The crisis in housing availability worsened, including for asylum seekers. Concerns emerged about the Data Protection Commission’s failure to hold Big Tech companies such as Meta and Google accountable for violations of the right to privacy. Criminalization of aspects of sex work continued to put sex workers at higher risk of violence.

Right to housing

The crisis of housing availability and affordability worsened, and led to record numbers of people experiencing homelessness, including children. In November, 13,514 people were living in emergency homelessness accommodation. This included 4,105 children, the largest ever number and 17% higher than during the same month in 2022. In its Concluding Observations published in February, the UN Committee on the Rights of the Child called on the government to address the root causes of homelessness among children, strengthen measures to phase out emergency accommodation schemes and significantly increase the availability of social housing for families.

By year’s end, a review of housing policy by the government-established Housing Commission had still not been published, and a constitutional referendum on housing promised by the government had not been scheduled.

Refugees’ and migrants’ rights

The worsening housing crisis continued to seriously impact the availability and quality of accommodation for asylum seekers, with some new arrivals offered only tents and sleeping bags.

In October, the Ombudsman for Children published a Special Report on the Safety and Welfare of Children in Direct Provision showing that the government’s “crisis-driven response” to significantly increased numbers of people seeking protection affected the welfare of children living in state-provided accommodation. Progress on reforms to the “direct provision” accommodation system for asylum seekers, as promised in the government’s 2021 white paper, had “stalled or regressed”, the report said.

Right to privacy

There were concerns about the Irish Data Protection Commission’s poor record in holding Big Tech companies such as Meta and Google accountable for disregarding the privacy rights of millions of social media users in Europe and around the world. In June, legislation was passed allowing the commission to deem all its enforcement procedures confidential, potentially further shielding Big Tech from scrutiny.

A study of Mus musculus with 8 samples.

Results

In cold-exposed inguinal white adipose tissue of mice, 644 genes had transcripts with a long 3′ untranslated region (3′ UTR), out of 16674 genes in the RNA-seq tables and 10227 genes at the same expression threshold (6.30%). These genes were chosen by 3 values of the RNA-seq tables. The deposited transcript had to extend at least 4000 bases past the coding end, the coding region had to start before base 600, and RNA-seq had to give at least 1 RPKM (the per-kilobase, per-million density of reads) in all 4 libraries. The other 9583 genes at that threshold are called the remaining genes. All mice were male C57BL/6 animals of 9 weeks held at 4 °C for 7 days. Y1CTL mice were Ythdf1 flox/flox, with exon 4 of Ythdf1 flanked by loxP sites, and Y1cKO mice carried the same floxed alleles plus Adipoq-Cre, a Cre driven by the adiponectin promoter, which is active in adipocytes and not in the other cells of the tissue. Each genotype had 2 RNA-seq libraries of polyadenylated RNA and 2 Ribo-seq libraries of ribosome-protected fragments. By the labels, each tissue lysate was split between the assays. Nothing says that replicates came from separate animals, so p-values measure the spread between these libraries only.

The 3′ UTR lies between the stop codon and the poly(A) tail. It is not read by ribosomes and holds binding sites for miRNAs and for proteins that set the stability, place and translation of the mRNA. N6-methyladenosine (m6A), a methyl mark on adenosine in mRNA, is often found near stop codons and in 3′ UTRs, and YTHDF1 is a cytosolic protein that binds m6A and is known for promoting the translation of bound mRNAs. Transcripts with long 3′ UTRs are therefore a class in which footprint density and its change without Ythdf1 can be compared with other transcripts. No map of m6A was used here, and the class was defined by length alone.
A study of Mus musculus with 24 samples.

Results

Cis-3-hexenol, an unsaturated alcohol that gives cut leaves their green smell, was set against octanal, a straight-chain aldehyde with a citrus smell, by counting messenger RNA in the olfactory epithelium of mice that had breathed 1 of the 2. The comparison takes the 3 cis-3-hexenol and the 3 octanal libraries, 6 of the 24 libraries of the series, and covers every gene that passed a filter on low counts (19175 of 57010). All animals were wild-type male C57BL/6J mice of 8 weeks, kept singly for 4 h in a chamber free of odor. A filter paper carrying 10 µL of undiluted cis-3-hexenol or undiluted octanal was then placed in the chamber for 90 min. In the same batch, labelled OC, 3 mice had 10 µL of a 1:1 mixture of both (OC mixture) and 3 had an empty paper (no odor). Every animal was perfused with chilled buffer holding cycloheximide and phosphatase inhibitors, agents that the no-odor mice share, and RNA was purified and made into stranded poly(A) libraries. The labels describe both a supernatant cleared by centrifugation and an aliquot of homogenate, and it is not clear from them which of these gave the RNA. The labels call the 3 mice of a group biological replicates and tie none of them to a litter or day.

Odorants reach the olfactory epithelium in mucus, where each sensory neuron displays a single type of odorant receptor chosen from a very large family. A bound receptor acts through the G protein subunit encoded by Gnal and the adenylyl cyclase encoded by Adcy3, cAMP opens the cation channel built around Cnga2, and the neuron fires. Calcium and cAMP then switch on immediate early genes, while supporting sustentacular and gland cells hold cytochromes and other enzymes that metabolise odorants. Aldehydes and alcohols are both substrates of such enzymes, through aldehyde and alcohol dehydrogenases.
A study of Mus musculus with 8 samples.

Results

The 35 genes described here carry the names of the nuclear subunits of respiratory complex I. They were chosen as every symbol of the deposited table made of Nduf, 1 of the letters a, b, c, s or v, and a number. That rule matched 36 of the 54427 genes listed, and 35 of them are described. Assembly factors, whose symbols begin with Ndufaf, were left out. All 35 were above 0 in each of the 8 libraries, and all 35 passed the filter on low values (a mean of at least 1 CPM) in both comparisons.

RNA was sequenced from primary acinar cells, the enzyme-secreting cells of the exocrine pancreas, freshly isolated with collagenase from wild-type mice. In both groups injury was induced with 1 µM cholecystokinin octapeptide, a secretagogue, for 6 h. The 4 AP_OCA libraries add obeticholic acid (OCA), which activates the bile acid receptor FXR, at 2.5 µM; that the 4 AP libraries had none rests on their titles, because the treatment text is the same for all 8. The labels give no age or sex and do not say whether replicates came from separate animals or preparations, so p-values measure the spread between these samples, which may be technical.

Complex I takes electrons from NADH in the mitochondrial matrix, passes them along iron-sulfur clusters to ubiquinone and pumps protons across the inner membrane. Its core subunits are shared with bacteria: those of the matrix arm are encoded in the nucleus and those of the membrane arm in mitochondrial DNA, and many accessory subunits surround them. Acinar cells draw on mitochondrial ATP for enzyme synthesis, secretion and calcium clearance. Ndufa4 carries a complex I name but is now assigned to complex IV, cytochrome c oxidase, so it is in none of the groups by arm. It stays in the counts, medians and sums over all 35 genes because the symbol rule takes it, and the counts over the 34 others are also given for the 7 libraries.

Sexual and reproductive rights

A report of the government’s review of the 2018 Health (Regulation of Termination of Pregnancy) Act published in April found concerning gaps in, and barriers to the provision of, appropriate abortion care. It acknowledged the negative impact of conscience-based refusal by medical professionals to provide abortion care and recommended removing criminal liability for healthcare professionals.

Workers’ rights

The 2017 law criminalizing the purchase of sex and retaining the “brothel-keeping” offence – preventing sex workers from working together – had still not been reviewed, despite a statutory requirement for a review within three years. Therefore, no progress was made in addressing evidence that the legal framework exposed sex workers to a higher risk of violence and other abuse.

Freedom of expression and association

No progress was made in addressing restrictions imposed by the Electoral Act 1997 (as amended in 2001) on the freedom of civil society organizations to access funding for campaigning purposes.

Right to a healthy environment

In June, the Environmental Protection Agency published its greenhouse gas emissions projections for the period 2022-2040, concluding that the government’s climate policies and measures, even if fully implemented, would not achieve the emissions reduction targets set out in Ireland’s climate legislation. It found that almost all sectors – including agriculture, electricity, transport and industry – were projected to exceed their national sectoral emissions ceilings for 2025 and 2030.